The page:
Subject: Re: Is LISP dying?
From: Erik Naggum <>
Date: 1999/07/23
Newsgroups: comp.lang.lisp
Message-ID: <>

* Greg Menke <>
| Which is why the ability to fork projects is useful.  It might be viewed
| as analgous to a mutation- some succeed, some fail- and sometimes the
| sucesses improve the state of the art.

  nature is the most inefficient selector of all possible selectors: the
  mutation that moves on is simply the mutation hasn't died yet, but every
  mutation dies, it's just a question of when.  if you think we can afford
  to wait for three billion development teams to sort themselves out over
  the next 100 million years, feel free to think in terms of mutations and
  natural selection.  I'm concerned with the massive waste of human
  intelligence and effort required to operate that way, and I'd like to see
  something radically more efficient.

| Did you get up on the wrong side of the bed or something?

  no, I'm always as pissed at people who try to impute a bunch of crap to
  me only because they don't bother to engage their brain while reading.

| You asserted that the software community was suffering from a lack of
| innovation/creativity- please substantiate it then.

  I'm also always pissed at people who claim that I "assert" what they have
  read into what I have written, when they obviously aren't intellectually
  honest enough to understand the difference between "you asserted" and "I
  understood you to say".  this may also explain the naïvité of your views.

  please quote what you understood to be an "assertion", and don't _ever_
  ask people to substantiate what you misunderstand from what they say.
  morons, bad journalists, and disgustingly dishonest politicians do that.
  they should frankly be shot for it, especially if they are so dense as to
  consider the victims of their lies to be at fault for reacting, too.

| I don't believe public update access to offical source is very useful-
| but having a development process where membership is based on technical
| merit and energy improves the liklihood of advancement.

  there is no "official" source.  nobody has the ability to claim that any
  particular version is more official than any other version.  there isn't
  even any concept of "public update access" -- everybody who receives the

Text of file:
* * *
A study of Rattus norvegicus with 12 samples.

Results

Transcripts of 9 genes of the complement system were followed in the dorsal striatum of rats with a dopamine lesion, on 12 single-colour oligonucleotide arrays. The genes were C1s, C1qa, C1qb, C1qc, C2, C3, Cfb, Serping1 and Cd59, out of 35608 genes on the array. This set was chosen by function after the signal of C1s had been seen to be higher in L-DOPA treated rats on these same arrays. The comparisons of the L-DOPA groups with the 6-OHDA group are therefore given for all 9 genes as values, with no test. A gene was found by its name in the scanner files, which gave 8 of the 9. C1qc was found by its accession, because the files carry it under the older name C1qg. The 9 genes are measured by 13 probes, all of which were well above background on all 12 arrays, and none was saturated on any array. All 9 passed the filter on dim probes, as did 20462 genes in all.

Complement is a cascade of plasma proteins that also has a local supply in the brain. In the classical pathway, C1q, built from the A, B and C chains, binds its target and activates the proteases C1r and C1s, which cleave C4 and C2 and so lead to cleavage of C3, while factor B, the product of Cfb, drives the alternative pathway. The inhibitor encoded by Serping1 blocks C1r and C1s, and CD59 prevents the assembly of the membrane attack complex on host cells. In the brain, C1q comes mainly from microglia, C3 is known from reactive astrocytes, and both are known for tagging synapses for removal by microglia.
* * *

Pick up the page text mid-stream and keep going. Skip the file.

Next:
sources has the _right_ to make modifications and redistribute them.

| I still don't perceive why its bad for people to grab the source, make
| changes and release them if they want to.

  I expect others to spend some time getting the necessary clues, too, and
  I said so.  I certainly haven't been thinking the same way for the past
  20 years about people's access to computers or software, and I don't
  expect to be thinking the same way a year from now.  lots of things have
  changed radically over these years, and I have found myself analyzing the
  effects of several crucial decisions and several ideologies and beliefs
  in what the right way is.  I have watched the computer business go from
  supplying lots of operating system and applications software for free
  with the very expensive hardware, to the same software being sold
  separately, to what was called "third-party" software vendors take over
  and make fortunes, to the same operating system or languages becoming
  available on many different computers.  I have seen the world turn from
  many users per machine, to one user per machine, to many machines per
  user.  I have seen the world turn from computers only working in
  isolation, to not being useful at all in isolation.  I don't expect that
  I would have arrived at my views in a single discussion and I don't
  expect anyone else to, either, but there's a difference between being
  able to understand what somebody is saying even if one neither agrees or
  disagrees with it right away, and trying to make it mean something that
  one can agree or disagree with by making it look like something one
  already understands.

  free software _used_ to be how vendors gave their customers their
  operating systems.  the GNU operating system idea was born as a reaction
  to the software hoarding of the Lisp Machine vendors who wasted a whole
  bunch of effort in duplicating features by keeping their code bases
  unavailable to eachother.  Richard Stallman reimplemented features from
  one of the major systems to the other and naturally thought this was a
  huge waste of time and effort, and that those who made him do it were bad
  people.  I have the deepest sympathy for him with respect to the XEmacs
  splinter group -- it's exactly the same kind of stupid duplication of
  effort that he wanted to avoid by making the software free.  I started to
  realize that it would never work to stop duplicating the effort a few
  years ago, but it took a long time to realize just how much worse it is
  for free software than for proprietary software at this time, and in the
  forseeable future.  Open Source may, however, be just what the world
  needs to topple Microsoft (which is necessary regardless of the quality
  of Windows or Excel), and when the evil empire has fallen, we can go back
  to working together more rationally _in_ a market place.  I suspect that
  this will happen, but also suspect that Microsoft must go belly up in a
  very serious way first.  freeing its software would kill it, just like
  freeing other vendor's software kills them in today's climate.  just
  because killing Microsoft is good doesn't mean freeing any other software
  is good.  if there isn't anything worth killing, it is prudent to use the
  poison and the heavy artillery sparingly.

  suppose we blasted all politicians into space.
  would the SETI project find even one of them?